By AARON CUTLER
By INKOO KANG
By SIMON ABRAMS
By SHERILYN CONNELLY
By NICK SCHAGER
By STEPHANIE ZACHAREK
By CHRIS KLIMEK
By NICK SCHAGER
For Gil M. Portes, history is not just something in the past. A provocative, independent filmmaker from the Philippines, his films have sought to awaken social consciousness through creative—even politically incorrect—reinterpretations of historical events. He's his country's Oliver Stone for the way he digs up shocking episodes in national history. Then again, he's also like John Waters for the way he populates his pictures with transsexuals and transvestites.In the Bosom of the Enemy and Markova: Comfort Gay, Portes' two entries in this year's Newport Beach Film Festival, are both set during World War II, when his homeland was under Japanese "co-prosperity" occupation before the Americans under General Douglas MacArthur came storming in to "liberate" the country. Both films—in Tagalog with English subtitles—deal with taboo sexual passions during the brutal Japanese invasion.
Of the two, In the Bosom of the Enemy(Gatas Sa Dibdib Ng Kaaway in Tagalog) is the more daring, even if the drama depicted never happened. The Philippines' submission to the 2002 Oscars, the film relates the sexual relationship between a Japanese captain (played by Kenji Marquez Motoki) and a local fisherman's wife.
Captain Hiroshi's Filipina lover dies while giving birth to their daughter, and he soon runs out of powdered milk to feed his infant. Conveniently, he encounters Pilar (Mylene Dizon), whose husband, Diego (Jomari Yllana), is being tortured by Hiroshi's soldiers as a suspected guerrilla. Pilar, who begs Hiroshi for Diego's release, ends up working in Hiroshi's household as a wet nurse for the infant. They soon become lovers, while Diego, on his release, predictably joins the guerrilla underground.
One strikingly erotic scene shows the infant sucking on Pilar's tit while Hiroshi cradles Pilar's other breast. According to the program notes, the scene was inspired by Italian artist Artemisia Gentileschi's painting Saranggola, which Portes had seen at the Hermitage museum in St. Petersburg, Russia: it shows a daughter breastfeeding her thirsty father on his way to the guillotine.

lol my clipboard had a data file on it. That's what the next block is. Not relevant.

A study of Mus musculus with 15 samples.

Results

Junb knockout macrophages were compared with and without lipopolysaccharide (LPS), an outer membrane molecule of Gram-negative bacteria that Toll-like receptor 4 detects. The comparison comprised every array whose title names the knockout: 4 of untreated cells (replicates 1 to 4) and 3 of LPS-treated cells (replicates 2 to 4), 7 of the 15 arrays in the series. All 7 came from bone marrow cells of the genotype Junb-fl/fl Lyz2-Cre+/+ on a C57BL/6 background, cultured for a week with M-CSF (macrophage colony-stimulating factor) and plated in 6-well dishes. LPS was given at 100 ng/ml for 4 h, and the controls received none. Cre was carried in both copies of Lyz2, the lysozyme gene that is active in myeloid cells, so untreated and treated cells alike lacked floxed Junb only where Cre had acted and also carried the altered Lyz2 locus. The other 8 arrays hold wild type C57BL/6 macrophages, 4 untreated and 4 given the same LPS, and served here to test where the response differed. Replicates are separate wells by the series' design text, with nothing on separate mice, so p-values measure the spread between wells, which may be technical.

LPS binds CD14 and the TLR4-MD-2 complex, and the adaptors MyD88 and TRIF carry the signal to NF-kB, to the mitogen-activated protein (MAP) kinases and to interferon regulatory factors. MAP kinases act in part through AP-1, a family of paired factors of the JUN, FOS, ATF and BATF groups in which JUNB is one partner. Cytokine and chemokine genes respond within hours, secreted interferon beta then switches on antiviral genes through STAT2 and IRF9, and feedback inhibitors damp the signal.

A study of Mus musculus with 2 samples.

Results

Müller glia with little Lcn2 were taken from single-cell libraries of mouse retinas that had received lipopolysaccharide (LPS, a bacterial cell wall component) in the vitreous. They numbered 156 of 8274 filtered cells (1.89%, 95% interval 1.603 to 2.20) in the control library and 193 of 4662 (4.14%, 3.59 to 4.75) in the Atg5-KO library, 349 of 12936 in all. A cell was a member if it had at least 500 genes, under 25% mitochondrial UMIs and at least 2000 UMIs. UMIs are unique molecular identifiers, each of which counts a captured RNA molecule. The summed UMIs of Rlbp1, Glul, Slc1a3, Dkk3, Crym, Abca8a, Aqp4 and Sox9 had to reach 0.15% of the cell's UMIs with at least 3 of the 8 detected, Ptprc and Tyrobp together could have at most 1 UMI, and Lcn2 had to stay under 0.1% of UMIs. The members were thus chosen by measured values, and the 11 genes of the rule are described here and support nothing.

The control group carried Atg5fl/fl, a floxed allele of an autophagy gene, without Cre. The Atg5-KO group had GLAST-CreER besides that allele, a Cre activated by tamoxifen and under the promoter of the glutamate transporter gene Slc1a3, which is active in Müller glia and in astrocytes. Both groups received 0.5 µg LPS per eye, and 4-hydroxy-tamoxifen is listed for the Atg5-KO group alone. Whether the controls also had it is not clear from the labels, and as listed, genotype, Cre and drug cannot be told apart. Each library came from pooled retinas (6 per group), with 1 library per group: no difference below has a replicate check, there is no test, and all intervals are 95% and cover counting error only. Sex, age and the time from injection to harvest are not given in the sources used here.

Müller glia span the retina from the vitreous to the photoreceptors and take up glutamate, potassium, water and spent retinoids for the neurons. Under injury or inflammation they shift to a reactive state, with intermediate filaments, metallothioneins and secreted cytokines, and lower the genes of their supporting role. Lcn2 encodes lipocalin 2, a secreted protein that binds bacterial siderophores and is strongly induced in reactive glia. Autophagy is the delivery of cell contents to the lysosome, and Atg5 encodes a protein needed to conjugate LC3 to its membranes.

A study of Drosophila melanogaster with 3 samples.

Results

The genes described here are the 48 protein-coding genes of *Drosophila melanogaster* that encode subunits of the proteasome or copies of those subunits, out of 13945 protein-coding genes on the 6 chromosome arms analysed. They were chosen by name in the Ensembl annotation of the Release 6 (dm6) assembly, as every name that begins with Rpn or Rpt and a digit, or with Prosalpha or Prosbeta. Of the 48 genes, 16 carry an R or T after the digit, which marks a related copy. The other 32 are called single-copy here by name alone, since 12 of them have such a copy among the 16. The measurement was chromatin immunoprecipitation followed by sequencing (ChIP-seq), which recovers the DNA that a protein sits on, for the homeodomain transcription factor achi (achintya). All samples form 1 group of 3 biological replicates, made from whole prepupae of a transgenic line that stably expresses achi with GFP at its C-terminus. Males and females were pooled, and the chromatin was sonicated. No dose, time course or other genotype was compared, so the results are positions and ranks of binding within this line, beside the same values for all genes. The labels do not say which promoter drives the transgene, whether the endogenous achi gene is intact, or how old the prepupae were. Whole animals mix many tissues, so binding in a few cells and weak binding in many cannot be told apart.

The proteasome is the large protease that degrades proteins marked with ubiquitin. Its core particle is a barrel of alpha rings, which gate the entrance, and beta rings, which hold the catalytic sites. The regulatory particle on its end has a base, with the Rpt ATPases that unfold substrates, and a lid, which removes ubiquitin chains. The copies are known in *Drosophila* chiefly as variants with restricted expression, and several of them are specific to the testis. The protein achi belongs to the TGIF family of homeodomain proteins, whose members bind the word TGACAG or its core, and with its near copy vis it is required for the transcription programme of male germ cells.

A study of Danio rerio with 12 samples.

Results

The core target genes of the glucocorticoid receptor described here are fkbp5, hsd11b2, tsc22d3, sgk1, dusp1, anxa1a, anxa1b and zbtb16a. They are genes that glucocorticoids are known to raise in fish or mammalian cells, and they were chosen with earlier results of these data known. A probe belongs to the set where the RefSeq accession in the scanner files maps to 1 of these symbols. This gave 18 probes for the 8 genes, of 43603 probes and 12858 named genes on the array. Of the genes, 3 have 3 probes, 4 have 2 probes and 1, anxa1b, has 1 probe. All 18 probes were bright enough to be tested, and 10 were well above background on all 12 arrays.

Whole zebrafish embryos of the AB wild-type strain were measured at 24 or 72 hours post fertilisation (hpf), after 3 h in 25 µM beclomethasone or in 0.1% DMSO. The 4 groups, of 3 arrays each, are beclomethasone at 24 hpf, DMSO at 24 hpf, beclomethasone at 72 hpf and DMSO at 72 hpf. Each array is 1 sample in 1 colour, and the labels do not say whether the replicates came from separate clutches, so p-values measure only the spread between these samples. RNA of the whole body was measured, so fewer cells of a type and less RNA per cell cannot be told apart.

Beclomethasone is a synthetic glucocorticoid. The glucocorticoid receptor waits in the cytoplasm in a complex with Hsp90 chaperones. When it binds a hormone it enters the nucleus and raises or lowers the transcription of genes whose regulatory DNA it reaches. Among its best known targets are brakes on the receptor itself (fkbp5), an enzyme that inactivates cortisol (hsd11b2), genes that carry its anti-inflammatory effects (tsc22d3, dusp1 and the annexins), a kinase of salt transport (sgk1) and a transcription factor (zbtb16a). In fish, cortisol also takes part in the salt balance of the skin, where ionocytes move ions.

Portes seems to suggest that love (even with the hated enemy) is even more powerful than ideology. But he also stacks the deck. He depicts Pilar, herself a beauty, as choosing the strikingly handsome Hiroshi over the unfeeling and brusque Diego. Hiroshi is also shown as a humane officer who winces at the torture of Diego, although he does supervise a beheading (shown in all its gore) of another rebel. He begins to see the Philippines as "home" and to realize that the two peoples can unite in friendship.
In Markova, Portes resurrects the true story of Walter Dempster Jr., who served as a "comfort gay" for Japanese soldiers during the occupation. He's also known as "Walterina" Markova. The film shatters the silence that heretofore had focused on "comfort women" during the war. But gays, especially transvestites, were also forced into sexual slavery then, Portes reveals.
It's an all-too-predictable scenario: a Japanese officer is smitten with Markova and takes "her" to bed. But reaching down, he discovers the truth about Markova, explodes in fury, and orders Markova and his four fellow drag queens hauled off to prison. There, Markova and the others are forced to "service" rank-and-file Japanese soldiers, their rapes depicted in unremitting brutality. But the five "sisters" end up plotting their revenge.
While the setting is stark, the queens still manage to camp it up. Indeed, even the taunts from little boys on the street about oral sex seem funny, not cruel.
Filipino comedian Dolphy excels as the queeny but noble Markova in old age, with brilliant performances by his two sons, Jeffrey and Eric Quizon, of Markova as a handsome adolescent and young man. All three won the Best Actor awards at the Brussels Independent Film Festival—as well as the Best Actress awards!
Portes is currently working on uncovering another dark historical episode in his country: the Americans' 1901 massacre of 250 Filipino civilians in Balangiga, a My Lai-type event covered up by the U.S. government.
Also worth watching at this year's festival is South Korean director Park Chan-Wook's Joint Security Area, which is set at the United Nations-supervised border between the two Koreas. In Korean with English subtitles, the film was a runaway box-office hit in South Korea because—notwithstanding George W. Bush's "axis of evil" bullshit—it showed North Koreans as human beings.